As it is right now, classes are overcrowded, even in the schools that are not "failing" schools; some teachers have been transferred so often they couldn't even provide grades to their students; there has been a teacher shortage in critical specialties; and there is a new technology initiative paid for by stimulus funds but it is very unclear how teachers will be trained to use the technology or how they will replace it as it needs replacement. (See John Sowash's post about that here.)
Robert Bobb is supposed to be in charge of the finances. And he estimates that if he were to balance the budget now, the average class size would be 62 students. That is what would happen with the deficit elimination plan that he was required to submit to the state. And that would obviously be a bad idea. He also doesn't prefer it.
The Detroit media has been highlighting Robert Bobb's other ideas--one of which involves splitting the Detroit school district in two. At first I thought that this idea was inspired by the division of GM as it went through bankruptcy. With GM (and I know I'm oversimplifying here), the "new" GM got to keep the GM name, and all the "good" assets--and the old GM got stuck with all the "bad" assets, but it has freed up the "new" GM to move forward. OK, that might be a controversial idea, but as Rochelle Riley said in a Detroit Free Press column, it might get people talking. And I'm all for thinking outside the box.
But what, exactly, is he talking about? NOT what I thought. No, according to this Detroit Free Press article, he's talking about
Over the past month, Bobb has also suggested two other proposals that would require lawmakers to amend state law, but he has yet to gain traction in Lansing.
One proposal would securitize $400 million in state tobacco settlement funds to distribute to all of the state’s deficit districts.
The other proposal also would require a significant -- but undetermined -- amount of state funds. That plan would split the district into two entities on paper -- one that would pay off the debts and one that would be debt-free and need start-up funding.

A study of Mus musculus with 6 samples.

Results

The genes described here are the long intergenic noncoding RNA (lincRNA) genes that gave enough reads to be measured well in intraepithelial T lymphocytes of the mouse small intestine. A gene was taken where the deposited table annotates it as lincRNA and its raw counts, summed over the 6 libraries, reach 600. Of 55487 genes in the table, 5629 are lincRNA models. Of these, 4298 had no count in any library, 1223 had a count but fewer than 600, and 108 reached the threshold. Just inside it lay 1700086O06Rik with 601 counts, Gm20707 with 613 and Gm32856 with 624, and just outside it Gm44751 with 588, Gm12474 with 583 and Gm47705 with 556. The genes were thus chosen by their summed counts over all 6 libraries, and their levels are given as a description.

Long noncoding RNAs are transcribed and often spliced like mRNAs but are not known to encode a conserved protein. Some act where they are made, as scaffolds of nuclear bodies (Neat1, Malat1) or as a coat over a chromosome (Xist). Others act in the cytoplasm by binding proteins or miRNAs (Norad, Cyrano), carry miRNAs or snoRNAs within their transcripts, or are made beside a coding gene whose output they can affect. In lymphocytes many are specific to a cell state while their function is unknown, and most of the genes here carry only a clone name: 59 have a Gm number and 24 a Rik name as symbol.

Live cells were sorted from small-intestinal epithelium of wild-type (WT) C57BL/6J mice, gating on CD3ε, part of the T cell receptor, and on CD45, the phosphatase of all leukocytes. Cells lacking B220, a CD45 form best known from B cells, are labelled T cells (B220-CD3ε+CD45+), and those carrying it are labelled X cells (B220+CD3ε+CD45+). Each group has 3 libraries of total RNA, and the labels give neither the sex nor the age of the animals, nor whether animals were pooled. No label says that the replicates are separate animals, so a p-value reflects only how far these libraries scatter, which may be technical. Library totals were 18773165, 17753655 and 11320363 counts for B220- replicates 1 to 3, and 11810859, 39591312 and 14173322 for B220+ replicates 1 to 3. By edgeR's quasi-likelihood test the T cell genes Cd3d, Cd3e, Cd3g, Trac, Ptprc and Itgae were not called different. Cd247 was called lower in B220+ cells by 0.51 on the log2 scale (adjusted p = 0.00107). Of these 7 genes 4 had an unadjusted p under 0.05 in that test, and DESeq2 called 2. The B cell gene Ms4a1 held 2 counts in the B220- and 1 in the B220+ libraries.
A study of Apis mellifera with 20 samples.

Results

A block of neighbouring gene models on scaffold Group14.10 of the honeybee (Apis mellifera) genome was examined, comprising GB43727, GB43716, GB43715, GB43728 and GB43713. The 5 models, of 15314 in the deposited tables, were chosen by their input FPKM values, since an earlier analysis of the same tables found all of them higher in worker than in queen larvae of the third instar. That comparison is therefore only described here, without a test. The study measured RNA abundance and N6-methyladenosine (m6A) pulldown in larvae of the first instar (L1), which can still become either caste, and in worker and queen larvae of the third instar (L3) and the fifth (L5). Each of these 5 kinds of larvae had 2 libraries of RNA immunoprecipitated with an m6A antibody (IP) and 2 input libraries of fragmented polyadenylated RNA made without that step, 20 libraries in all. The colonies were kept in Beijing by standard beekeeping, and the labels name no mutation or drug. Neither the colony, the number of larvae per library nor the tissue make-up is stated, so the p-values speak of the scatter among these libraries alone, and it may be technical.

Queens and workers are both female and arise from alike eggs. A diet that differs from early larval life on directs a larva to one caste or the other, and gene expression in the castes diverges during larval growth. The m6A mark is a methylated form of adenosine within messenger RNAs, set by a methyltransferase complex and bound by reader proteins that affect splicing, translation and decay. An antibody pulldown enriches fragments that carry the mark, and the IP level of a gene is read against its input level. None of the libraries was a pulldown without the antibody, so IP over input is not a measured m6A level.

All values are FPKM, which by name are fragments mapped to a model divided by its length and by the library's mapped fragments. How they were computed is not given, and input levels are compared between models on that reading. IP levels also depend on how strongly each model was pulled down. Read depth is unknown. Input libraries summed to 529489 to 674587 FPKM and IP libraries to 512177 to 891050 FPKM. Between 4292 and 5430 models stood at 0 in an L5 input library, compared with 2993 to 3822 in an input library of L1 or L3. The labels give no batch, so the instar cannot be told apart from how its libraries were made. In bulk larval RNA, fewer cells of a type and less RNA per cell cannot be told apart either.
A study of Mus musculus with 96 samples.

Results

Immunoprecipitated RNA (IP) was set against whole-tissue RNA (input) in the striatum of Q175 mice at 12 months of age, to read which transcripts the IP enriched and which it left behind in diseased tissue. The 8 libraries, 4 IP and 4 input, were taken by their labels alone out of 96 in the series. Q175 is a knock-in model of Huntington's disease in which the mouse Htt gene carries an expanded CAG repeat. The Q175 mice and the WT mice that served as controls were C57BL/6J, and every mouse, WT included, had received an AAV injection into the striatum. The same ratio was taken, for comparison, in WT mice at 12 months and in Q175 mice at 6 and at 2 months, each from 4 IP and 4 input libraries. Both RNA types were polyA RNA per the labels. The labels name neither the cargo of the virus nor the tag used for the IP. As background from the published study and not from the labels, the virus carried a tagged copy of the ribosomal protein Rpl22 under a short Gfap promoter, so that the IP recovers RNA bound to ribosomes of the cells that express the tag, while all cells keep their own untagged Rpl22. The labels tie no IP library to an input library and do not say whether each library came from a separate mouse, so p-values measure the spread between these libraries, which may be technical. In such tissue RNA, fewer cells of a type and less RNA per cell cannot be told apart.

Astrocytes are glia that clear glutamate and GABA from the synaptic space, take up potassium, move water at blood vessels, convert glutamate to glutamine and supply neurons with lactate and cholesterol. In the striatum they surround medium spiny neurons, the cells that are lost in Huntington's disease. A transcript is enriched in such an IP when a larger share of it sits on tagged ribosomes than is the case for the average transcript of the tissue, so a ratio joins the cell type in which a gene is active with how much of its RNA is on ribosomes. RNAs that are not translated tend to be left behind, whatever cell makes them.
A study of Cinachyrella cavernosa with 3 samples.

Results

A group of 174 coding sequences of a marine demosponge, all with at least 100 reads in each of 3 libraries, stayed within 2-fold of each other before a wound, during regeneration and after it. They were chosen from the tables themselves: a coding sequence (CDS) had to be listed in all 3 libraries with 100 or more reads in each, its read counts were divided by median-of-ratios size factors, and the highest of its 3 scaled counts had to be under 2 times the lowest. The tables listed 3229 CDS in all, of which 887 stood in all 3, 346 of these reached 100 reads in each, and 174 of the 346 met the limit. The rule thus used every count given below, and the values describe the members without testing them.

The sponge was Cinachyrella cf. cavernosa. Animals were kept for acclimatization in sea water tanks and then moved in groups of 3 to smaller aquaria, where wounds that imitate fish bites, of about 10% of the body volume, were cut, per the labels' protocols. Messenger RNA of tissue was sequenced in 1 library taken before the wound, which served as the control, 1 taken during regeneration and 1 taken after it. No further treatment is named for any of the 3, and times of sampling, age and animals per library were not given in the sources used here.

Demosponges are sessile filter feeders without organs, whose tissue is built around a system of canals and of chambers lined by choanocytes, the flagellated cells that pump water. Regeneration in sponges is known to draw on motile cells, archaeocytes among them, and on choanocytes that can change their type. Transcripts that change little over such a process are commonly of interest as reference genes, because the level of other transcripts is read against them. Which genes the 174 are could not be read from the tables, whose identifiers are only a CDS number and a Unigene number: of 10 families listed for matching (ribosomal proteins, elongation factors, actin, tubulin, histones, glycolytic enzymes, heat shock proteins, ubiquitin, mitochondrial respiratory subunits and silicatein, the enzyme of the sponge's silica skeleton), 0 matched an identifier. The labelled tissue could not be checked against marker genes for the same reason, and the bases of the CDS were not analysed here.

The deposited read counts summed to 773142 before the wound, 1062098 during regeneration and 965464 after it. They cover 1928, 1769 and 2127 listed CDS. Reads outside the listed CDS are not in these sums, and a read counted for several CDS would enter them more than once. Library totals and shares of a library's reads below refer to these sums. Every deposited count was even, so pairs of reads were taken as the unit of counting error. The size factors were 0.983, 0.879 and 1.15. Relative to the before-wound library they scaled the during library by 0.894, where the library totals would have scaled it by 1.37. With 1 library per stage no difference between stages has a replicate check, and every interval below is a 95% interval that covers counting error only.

According to Rochelle Riley, Free Press columnist,
One would have 9,000 students and use all of the per-pupil dollars the state distributes to DPS next year to wipe out the debt and to operate.Wait--the "good" district gets 9,000 students and the "bad" district gets 66,000 students? That sounds fishy to me.
The other would educate the district's other 66,000 students, using unknown start-up funds.
Bobb declined to discuss the plan, which he's still working up, but his spokesman, Steve Wasko, said the move would be "seamless to parents" and students, and a financial, not academic, step. (Emphasis added.)
In that same article,
Keith Johnson, president of the Detroit Federation of Teachers, said his first reaction to the plan was: "Brown v. Board of Education. That was the first thing that popped into my mind, separate but unequal. My biggest fear is ... that you're designating a segment of this community and children as being less than and thus educably expendable.
"We know that the schools that would be debt-free would be those schools that are consistently high-performing and those schools that are being newly built. So we're talking about the Casses, the Bates, the Ludingtons, the Langston Hughes, the Charles Wrights, the Renaissances... Who's going to be left in the debt-ridden district? Those schools that are low-performing, schools like Denby, Osborn, Central High School, some of our low-performing elementary or schools that service children with the highest degree of learning disabilities."
Think this is only a Detroit problem? Think again. We've got our own districts in this situation. You can only cut programs so far, and who would fund this other district? Let's just remember: it's one thing to put "bad assets" into a bankrupt district. But there's this sticky problem. Schools are not about assets. They are about kids. What about the kids?